Can I Make Handwritten Changes to a Will Without an Attorney?
A will is the most important estate planning document that you need. Your will ensures that your property is distributed to your heirs according to your wishes rather than the state dictating what happens to your property after you die.
Without a valid will, the intestate laws of your state determine who inherits your property as well as what percentage of your estate each heir inherits. This may or may not be in accordance with your wishes. Intestate laws only permit relatives to inherit from your estate. This prohibits friends and charities from inheriting from your estate even though that was your intent.
Furthermore, distributing property according to intestate laws could create serious issues when minors inherit an interest in property. To avoid problems and to ensure your final wishes are carried out, you need to have a valid, updated will at all times.
What is a Valid Will?
When you die, your will must be filed with the probate court and validated. The laws in each state vary regarding what constitutes a valid will. Most states will accept a will drafted in another state provided the will meets the requirements for a valid will in that state when it was drafted.
In order to validate a will, the court reviews the will to determine if it meets the requirements for a valid will under state law. For example, if state law requires that a will be witnessed by two individuals who are not heirs of the testator and that the signatures are notarized, the court will not accept the will as valid if it is missing the notary signature.
If your will is not valid, intestate laws will govern how your estate is administered and how your property is distributed. It is extremely important that you take steps to ensure your will is valid when it is signed and that you do not do anything to invalidate the will after you sign it.
How Do I Change My Will After It Is Signed?
State law recognizes that a person may want to change his or her will for various reasons. Heirs may predecease the person, additional children may be born, or the person may simply have a change of heart. Regardless of the reason why a person may want to change his or her will, the person must be careful not to invalidate the will in the process of making the changes.
Can I Make Handwritten Changes to a Will?
It is tempting to make handwritten changes to a will, especially if the changes are simple, such as changing a name; however, this may or may not be valid in your state. Some states accept handwritten changes to a will, under certain circumstances, while other states consider handwritten changes to a will as invalidating the entire will.
Regardless of whether your state permits handwritten changes to a will, it is never a good idea to change a will in this manner. Handwritten changes to a will are easy to challenge in court and could potentially invalidate the will even though your state law recognizes this as a valid means of making changes to your will. There are better ways to make changes to your will than writing on the original will.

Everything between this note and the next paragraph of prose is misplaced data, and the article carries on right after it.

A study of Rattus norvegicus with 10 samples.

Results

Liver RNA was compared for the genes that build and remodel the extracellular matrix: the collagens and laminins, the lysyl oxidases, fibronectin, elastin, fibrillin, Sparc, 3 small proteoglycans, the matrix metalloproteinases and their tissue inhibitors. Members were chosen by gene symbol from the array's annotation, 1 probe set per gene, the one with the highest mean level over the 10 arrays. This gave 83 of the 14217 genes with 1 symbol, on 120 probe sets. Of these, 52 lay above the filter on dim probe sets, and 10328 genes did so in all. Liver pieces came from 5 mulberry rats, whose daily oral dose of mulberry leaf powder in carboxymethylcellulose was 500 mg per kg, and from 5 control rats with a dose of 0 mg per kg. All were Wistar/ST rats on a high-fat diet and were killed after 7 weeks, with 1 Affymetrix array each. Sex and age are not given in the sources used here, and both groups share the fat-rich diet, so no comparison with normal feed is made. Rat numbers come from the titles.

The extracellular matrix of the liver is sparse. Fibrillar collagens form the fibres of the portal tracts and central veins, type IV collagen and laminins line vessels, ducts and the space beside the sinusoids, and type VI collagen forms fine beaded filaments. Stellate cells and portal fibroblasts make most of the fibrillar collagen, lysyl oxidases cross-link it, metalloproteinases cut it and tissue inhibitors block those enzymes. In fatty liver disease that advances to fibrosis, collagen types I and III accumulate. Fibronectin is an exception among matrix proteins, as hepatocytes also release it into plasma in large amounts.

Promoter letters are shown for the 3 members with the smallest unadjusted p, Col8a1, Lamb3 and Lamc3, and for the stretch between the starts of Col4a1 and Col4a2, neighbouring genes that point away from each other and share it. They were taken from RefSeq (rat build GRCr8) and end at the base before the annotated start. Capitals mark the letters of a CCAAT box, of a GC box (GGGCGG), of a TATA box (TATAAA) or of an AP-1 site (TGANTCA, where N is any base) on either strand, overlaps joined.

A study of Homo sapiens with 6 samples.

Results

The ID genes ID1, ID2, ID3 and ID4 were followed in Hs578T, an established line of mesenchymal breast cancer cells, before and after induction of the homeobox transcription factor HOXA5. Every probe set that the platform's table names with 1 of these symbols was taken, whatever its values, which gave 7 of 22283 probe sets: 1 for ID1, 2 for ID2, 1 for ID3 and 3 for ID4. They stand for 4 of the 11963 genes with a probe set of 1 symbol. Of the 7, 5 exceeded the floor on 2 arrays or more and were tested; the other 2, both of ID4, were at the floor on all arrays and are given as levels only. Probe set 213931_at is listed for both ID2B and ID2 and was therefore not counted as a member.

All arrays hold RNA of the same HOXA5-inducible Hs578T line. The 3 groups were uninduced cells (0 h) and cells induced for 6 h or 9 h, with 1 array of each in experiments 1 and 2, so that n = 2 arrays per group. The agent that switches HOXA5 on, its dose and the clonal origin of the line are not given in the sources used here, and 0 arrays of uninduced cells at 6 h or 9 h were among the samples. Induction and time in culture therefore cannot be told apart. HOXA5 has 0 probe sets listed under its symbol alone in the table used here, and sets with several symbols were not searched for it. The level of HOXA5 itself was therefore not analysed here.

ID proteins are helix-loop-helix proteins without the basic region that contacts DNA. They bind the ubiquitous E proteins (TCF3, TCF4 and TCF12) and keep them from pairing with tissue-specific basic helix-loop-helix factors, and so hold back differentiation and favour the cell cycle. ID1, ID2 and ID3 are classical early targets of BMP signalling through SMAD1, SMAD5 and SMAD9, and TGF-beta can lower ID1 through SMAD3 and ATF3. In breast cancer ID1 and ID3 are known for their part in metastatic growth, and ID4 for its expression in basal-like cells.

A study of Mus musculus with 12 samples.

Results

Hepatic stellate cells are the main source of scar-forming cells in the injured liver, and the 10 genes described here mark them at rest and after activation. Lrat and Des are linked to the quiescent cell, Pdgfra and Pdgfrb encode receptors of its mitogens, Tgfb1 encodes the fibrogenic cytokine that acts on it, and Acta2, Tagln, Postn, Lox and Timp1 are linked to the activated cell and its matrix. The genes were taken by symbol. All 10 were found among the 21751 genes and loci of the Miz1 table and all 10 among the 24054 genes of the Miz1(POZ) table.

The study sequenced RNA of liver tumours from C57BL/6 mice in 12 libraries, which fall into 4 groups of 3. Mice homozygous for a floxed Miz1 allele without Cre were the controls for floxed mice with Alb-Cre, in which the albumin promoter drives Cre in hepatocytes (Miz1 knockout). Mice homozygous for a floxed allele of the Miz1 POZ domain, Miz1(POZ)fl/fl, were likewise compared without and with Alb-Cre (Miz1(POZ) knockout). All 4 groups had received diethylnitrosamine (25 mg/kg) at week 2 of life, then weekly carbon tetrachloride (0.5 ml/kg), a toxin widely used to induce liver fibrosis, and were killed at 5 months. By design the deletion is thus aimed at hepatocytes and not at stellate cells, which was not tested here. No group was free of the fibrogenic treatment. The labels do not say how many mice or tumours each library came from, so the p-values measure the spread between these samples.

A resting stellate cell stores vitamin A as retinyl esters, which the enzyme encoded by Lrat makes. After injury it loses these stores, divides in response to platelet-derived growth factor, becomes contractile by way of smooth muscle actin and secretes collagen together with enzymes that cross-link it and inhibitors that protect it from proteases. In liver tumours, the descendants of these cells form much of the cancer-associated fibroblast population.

What Is The Best Way To Make Changes To My Will?
You have two options for changing a will after it is written other than making handwritten changes to your current will. Depending on the types of changes you are making and the extent of those changes, you may want to choose to revoke your current will by making a new will.
● Revoking an Old Will
If the changes you want to make to your current will are extensive, your best option is to revoke your current will by making a new will. Signing a new will automatically revokes all previous wills; however, you should always destroy the original and all copies of your old will to be safe. Having copies of an old will can create confusion and opens your new will to challenges by heirs.
● Adding a Codicil to Your Will
You also have the option of adding a codicil to your will to make changes to the original will. A codicil is a document that is attached to your will making changes or adding additional terms to the original will. In order to be valid, the codicil must be drafted and signed in the same manner as the will; therefore, most people find it is just as easy to draft a new will to make changes rather than adding a codicil. Furthermore, codicils can be lost, create confusion, or be used to challenge the validity of the entire will.
Changes To Wills Are Common
It is very common for people to change their wills several times over the course of their lifetime because of certain events or for personal reasons. Because a person may change the will several times, it is tempting to make handwritten changes to a will. While changing a will is a fairly simple procedure, you must pay close attention to the details and know your state laws regarding wills and changes to wills. If you have questions about changing your will, you should seek the advice of an attorney with experience in estate planning.